Implications of some traditional national diets being healthier than others? Which is which?

Inspired by a post in another thread that asserts that the traditional Japanese national diet is unhealthy.

It seems to be a rather logical conclusion that some traditional national diets are healthier than others. There are so many, and so varied, that this practically HAS to be the case. What implications does this carry? Could the Japanese be the dominant national power in the world if they didn’t eat so much white rice? And how do we determine which is which (healthy versus… not) anyway?

But people are varied too. One people’s traditional diet may be better for them than another’s, and vice-versa.

(I’m sure any genuine traditional diet is better than the garbage I see a lot of people eating.)

I read somewhere (I wish I could remember where) that the traditional Japanese diet tends to result in lower cholesterol for those who eat it, but that the Japanese also have high rates of stomach cancer because they tend to eat a lot of pickled things.

“Traditional diet” is not so easy to quantify.

Do you count Italy’s red sauces and India’s fiery curries, when in fact tomatoes and chili peppers are new world fruits?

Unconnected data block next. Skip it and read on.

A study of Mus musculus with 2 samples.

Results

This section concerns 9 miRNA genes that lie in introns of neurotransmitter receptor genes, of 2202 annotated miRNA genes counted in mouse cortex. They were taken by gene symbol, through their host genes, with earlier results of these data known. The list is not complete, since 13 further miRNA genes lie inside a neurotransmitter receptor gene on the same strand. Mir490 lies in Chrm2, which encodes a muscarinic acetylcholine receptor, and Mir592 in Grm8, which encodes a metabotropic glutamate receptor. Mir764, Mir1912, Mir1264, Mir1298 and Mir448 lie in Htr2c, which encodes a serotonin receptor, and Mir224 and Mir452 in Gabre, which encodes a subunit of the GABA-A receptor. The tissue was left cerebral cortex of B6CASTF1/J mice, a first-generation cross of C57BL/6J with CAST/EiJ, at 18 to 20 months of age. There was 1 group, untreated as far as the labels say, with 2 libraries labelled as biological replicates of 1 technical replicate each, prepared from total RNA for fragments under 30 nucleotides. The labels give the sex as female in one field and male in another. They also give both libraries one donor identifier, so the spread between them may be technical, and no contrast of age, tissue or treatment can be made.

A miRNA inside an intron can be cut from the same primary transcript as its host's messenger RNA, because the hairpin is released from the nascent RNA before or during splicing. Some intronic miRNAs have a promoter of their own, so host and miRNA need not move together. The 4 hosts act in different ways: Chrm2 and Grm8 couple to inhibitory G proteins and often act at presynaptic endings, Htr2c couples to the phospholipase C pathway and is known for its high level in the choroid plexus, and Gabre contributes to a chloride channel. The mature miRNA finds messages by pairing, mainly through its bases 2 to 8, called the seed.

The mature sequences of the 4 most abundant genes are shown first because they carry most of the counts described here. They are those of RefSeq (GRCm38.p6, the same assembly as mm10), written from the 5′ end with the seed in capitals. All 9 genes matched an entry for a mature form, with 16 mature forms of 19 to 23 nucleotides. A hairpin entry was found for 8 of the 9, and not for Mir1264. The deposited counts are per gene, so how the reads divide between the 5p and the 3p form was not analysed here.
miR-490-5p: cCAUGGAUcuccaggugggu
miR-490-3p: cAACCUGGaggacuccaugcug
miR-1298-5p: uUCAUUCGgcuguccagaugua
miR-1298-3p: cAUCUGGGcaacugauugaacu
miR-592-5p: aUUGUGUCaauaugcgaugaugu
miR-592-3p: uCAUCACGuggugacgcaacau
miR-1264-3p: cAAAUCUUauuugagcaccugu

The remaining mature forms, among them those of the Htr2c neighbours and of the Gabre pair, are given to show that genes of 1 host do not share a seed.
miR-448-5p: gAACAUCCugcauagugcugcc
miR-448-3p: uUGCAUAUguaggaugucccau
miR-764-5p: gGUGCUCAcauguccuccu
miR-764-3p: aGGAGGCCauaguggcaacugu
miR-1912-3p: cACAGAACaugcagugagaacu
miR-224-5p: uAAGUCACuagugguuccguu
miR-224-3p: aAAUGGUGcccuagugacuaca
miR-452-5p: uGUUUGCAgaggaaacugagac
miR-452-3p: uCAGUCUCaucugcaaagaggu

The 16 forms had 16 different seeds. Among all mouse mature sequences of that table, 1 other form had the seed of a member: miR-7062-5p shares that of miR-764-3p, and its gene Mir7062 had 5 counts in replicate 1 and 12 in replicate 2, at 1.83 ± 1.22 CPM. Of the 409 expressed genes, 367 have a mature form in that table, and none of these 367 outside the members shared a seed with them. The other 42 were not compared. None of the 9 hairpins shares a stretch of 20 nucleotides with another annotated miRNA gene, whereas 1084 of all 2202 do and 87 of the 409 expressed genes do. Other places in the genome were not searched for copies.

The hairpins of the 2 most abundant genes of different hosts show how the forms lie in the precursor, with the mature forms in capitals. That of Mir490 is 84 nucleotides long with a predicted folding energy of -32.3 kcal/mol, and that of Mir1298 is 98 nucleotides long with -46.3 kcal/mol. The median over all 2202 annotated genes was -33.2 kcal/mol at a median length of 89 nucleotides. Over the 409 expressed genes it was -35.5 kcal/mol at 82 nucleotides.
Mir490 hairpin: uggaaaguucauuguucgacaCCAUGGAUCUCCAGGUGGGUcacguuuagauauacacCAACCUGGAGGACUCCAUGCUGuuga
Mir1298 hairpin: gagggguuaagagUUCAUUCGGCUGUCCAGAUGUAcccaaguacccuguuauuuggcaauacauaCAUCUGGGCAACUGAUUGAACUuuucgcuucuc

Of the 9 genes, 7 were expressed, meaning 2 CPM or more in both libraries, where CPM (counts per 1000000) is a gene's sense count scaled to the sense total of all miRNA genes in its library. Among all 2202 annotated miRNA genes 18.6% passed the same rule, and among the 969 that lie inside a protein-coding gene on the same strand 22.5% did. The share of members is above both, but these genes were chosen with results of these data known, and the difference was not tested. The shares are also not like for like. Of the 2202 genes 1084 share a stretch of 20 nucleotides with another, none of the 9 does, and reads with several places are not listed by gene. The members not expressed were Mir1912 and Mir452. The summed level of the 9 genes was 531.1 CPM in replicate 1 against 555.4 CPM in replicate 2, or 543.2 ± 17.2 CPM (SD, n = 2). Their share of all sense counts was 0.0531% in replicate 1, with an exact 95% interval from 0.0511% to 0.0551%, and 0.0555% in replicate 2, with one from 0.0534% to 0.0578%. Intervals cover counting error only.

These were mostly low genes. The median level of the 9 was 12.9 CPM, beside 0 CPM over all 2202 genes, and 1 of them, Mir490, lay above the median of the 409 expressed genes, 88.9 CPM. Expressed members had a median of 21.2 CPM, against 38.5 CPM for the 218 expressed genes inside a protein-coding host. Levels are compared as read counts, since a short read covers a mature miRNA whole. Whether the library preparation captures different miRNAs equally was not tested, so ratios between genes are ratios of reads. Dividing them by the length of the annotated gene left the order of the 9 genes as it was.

Are you talking about the actual diet of the poor- which in farming societies would probably be largely grains and with small amounts of vegetables (often preserved ones) and only occasional meat? Or the diet the poor would eat if they were rich, which would include more meat and probably shocking amounts of fat? What about refined carbs, which would be economically out of reach for many people, but which many people would love to eat?

Are we assuming you are doing the same physical activity as them? Most agricultural cultures eat massive amounts of carbs and would gladly slup down piles of fat if they could afford it, but then they go off and do hard physical labor all day. I don’t think any traditional diet is optimized for the kind of sedentary lives most of us live.

The truth is the “traditional” diet is just as subject to change and economic forces as our own, the only difference being that we have access to a wider variety of foods these days.

I’d say most traditional diets find some kind of balance based on what is available to them, all of them go to hell once you give people enough money to buy lots of fat and refined carb and then sit them at a desk all day.